Frans Lanting: Photographer

A year ago at EG we shared images on the history of life on earth: from the big bang to the present.

What are you going to do after that? Outer space? We decided to do something more organic and specific. We focused on one group of 35 chimpanzees: CHIMPS at the edge (co-produced by Christina Egstrom, wife and partner)

We wanted to rethink the boundaries of chimps and apes and humans. Now we can appreciate them as close cousins, with the same kinds of enduring lives and personalities and discerning minds. Except for orangs, all great apes live in great Africa, and co-exist with gorillas.

Only a half dozen community of chimps have been studied in a long-term basis. Every time there’s a new study, we learn how chimps can vary. Their culture is very specific. The new ape lady, Jill Goodall, is studying chimps use of weapons. She’s interested to see how chimps and their habitat affects their behavior. We’re hoping this will give us insight into our own behaviors in the early days. Savanna woodland is where apes became human. and in southeast Senegal we can find the land where this happened.

Our main guide in the field could not read or write or had not met a photographer in his life. But he had an amazing sense of the chimps and where they resided.

Searching for chimps is a hard job – we had one meal a day in the evening. it’s not a 9-5 job, it’s a 5-9 job. But the best time to get close to chimps is when they take their mid-day siesta.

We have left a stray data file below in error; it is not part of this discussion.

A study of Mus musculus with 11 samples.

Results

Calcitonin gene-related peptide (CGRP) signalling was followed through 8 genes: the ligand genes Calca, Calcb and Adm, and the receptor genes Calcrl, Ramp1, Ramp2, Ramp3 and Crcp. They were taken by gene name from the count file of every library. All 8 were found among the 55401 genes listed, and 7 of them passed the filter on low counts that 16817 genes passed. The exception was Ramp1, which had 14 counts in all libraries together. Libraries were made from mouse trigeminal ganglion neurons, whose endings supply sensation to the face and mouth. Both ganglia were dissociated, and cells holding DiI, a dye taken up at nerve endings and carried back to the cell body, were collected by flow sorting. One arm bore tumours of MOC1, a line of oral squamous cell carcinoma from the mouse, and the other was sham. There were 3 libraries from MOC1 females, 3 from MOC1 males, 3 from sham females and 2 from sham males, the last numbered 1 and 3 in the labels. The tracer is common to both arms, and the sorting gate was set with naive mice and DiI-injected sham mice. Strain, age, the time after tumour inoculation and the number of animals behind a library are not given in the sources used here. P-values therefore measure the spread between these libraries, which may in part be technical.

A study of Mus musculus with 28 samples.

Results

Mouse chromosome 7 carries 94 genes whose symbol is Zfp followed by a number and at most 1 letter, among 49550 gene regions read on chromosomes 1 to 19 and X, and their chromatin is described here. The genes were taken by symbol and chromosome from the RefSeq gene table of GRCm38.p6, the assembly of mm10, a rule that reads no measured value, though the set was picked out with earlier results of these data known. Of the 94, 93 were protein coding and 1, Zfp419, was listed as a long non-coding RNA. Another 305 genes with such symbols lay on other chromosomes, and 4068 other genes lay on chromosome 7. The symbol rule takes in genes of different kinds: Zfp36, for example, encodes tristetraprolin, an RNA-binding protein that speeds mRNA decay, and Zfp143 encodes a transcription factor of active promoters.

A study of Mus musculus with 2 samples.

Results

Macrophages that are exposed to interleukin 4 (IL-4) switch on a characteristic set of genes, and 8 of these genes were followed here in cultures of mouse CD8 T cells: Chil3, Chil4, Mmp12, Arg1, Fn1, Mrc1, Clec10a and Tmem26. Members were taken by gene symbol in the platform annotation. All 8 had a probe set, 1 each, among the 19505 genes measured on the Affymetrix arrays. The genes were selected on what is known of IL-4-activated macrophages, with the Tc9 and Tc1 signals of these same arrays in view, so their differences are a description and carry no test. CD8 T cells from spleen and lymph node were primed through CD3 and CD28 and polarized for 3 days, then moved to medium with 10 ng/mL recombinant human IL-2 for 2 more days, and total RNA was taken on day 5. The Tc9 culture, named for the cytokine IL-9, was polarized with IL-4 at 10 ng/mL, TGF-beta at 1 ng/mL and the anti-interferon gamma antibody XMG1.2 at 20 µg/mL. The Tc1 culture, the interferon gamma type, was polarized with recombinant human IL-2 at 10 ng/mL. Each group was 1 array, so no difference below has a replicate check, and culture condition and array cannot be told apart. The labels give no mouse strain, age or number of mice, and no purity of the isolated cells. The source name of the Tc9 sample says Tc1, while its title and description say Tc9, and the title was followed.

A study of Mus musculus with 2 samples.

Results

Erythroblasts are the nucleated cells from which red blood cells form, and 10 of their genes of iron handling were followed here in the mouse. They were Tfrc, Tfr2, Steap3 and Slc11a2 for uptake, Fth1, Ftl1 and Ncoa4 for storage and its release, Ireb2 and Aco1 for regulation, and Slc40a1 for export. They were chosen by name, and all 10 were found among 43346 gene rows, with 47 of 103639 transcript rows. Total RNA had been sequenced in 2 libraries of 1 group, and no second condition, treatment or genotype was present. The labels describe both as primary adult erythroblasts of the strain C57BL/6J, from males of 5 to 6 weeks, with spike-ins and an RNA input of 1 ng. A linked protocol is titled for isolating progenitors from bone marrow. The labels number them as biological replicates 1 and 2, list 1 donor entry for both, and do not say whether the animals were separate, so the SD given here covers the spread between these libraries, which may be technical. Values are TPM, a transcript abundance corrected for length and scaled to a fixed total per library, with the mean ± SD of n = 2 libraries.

At dusk we hike back to the village and review our work. Chimps eat lots of greens and love fruit. Honey is like their candy, they go termite fishing (it’s a delicacy). When males get wild, females get out of the way.

[this is just a handful of what the presenters shared about chimp insights]

It was discovered that Fongoli chimps not only make tools but create deadly weapons and strategically hunt their prey. This is the first time outside of humans that mammals were seen to create and use weapons.

What else will these chimps show us given time and more space for observation?

Self-recognition is another factor that we thought were unique to humans. But we observe a child chimp testing the water in a watering hole, and then discovering (and playing with) her own reflection.

Whether there is a future for wild chimpanzees will be determined in this lifetime. We find this to be a big moral dilemma. We think we owe it to ourselves, our children … to make the right decision.